The challenge of COVID-19

Engaging Culturally and Linguistically Diverse (CALD) communities in COVID-19 and pandemic health information

Understanding the experiences and communication needs of CALD communities during the COVID-19 pandemic

The large amount of information that has been disseminated during the COVID-19 pandemic has posed difficulties for many in Australia, particularly for culturally and linguistically diverse (CALD) communities, who face particular challenges in accessing relevant up-to-date information due to language and cultural barriers.

In the second half of 2021, RUMACCC conducted an interview-based study for the Victorian Department of Families, Fairness and Housing (DFFH). The purpose of the study was to understand how information about COVID-19 has been provided and understood in a range of different communities, how effective different communication channels have been, and whether participants have trusted the information they have received.

The report presents the study’s findings and recommendations and is available for download.

Enhancing COVID-19 public health communication for CALD communities

A major challenge for dealing with the COVID pandemic in Australia is ensuring that culturally and linguistically diverse (CALD) communities have an appropriate understanding about self-care and government advice and directives in order to avoid infection and transmission. Reaching non-English-speaking communities with timely and accessible information is now acknowledged to be a significant problem in eliminating COVID in Victoria.

We explore:

  • (a) the provision of information across languages and communities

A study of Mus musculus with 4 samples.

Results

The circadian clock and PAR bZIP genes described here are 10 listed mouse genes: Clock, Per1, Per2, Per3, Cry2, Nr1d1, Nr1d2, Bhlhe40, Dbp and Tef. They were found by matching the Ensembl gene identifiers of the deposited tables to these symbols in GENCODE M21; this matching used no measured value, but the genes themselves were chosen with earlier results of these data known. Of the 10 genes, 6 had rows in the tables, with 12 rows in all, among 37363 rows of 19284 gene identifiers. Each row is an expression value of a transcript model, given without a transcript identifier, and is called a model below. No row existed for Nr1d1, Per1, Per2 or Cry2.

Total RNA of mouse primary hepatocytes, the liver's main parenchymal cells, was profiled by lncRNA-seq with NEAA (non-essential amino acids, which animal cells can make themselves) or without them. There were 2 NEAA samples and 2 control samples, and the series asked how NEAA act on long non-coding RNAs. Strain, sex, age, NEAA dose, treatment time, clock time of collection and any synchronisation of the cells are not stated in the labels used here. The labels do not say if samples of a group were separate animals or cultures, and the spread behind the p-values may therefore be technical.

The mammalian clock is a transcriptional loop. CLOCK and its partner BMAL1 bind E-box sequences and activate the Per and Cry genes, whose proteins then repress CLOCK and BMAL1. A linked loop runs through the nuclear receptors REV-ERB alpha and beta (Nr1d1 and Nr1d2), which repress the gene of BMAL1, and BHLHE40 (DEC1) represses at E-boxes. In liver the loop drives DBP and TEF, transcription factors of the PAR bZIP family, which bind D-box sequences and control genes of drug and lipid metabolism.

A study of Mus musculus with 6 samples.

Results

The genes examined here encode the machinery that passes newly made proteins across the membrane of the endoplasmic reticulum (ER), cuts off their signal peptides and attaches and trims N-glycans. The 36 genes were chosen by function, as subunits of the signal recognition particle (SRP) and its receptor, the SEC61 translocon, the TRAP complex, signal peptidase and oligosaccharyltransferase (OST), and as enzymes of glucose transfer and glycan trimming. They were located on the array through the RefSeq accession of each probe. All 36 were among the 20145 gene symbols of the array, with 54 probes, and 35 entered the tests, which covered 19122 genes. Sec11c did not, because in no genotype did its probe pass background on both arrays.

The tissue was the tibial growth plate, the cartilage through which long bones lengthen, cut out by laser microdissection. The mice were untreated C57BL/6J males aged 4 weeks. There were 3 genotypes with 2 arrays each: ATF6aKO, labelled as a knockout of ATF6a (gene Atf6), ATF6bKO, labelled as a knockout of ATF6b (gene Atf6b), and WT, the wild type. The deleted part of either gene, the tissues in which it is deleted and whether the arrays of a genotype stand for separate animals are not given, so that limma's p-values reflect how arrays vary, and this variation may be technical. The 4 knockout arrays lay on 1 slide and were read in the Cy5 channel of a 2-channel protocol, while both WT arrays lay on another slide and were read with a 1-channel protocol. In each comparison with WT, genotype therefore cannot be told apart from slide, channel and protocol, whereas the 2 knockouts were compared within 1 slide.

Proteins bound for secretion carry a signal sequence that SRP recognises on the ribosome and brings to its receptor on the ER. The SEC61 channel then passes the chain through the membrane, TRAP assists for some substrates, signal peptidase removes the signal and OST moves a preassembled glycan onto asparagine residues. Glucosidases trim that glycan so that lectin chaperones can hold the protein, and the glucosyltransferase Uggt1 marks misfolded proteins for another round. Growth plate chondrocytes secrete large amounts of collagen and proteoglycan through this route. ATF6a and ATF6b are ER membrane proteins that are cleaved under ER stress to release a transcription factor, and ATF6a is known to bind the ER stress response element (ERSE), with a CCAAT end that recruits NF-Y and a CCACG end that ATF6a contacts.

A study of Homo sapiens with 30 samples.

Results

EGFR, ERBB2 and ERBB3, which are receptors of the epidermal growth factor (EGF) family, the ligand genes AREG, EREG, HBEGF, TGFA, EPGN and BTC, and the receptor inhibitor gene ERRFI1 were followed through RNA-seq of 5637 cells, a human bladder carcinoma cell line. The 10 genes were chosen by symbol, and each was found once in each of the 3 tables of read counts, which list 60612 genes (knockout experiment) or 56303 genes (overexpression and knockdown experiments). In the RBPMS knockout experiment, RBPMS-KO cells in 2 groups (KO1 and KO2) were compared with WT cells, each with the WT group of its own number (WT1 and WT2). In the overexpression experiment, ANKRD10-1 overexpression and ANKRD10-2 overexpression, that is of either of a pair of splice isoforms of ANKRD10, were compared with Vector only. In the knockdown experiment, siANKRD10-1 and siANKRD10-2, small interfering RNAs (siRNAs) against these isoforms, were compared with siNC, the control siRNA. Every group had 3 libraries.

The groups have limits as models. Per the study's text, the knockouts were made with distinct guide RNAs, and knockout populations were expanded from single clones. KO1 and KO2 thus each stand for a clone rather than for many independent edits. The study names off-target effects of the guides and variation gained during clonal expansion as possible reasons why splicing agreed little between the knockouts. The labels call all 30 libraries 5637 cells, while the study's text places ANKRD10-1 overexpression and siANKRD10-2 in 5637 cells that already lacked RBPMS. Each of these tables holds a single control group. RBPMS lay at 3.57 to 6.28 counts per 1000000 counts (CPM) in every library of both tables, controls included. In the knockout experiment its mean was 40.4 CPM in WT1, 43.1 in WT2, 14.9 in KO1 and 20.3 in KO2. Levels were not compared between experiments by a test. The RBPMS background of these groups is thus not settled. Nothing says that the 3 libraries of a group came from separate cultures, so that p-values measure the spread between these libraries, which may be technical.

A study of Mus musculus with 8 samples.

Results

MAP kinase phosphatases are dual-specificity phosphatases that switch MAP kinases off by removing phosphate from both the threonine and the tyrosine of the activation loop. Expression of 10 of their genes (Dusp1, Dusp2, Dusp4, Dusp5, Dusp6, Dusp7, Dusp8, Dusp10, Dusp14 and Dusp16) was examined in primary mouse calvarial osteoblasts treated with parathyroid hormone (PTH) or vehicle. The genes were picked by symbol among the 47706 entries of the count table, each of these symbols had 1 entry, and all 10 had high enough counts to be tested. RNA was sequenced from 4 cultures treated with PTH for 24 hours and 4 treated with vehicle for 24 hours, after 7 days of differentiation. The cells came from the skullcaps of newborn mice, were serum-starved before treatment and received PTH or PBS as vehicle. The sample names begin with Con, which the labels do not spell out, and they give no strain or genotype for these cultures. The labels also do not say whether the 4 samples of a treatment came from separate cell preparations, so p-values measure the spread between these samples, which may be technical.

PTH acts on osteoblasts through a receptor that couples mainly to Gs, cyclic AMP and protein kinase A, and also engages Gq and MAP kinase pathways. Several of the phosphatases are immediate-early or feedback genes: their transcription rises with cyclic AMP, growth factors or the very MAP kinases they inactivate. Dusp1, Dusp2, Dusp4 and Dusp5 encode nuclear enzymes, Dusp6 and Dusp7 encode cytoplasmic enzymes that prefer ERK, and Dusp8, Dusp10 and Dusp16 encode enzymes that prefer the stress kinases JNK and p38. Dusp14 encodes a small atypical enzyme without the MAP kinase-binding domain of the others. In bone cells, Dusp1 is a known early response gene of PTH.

• (b) mechanisms of access to and reach within CALD communities
  • (c) issues arising out of provision and access; as well as
  • (d) response to resources and services by CALD communities

Part of our attention is focussed on 3 case studies: the Greek, Italian and Chinese communities, especially with respect to information provision to protect the elderly.

The project evaluates issues in current COVID-related communication with CALD communities in Australia.

The project is highly timely and promises significant impact over time by helping governments and other organisations to improve information and service delivery.

This project is funded by a Faculty of Arts Collaboration Seed Grant.


  • Karidakis, M., Woodward-Kron, R., Amorati, R., Hu, B., Pym, A., & Hajek, J. (2022). Enhancing COVID-19 public health communication for culturally and linguistically diverse communities: An Australian interview study with community representatives. Qualitative Health Communication, 1(1), 61–83.
  • Pym, A., Hu, B. Woodward-Kron, R., Hajek, J., Karidakis, M., & Amorati, R. (forthcoming) Community trust in translations of official COVID-19 communications in Australia: An ethical dilemma between academics and the press. In Piotr Blumczynski and Steven Wilson (Eds.) The Languages of COVID-19: Transnational and Multilingual Perspectives on Global Healthcare. Routledge.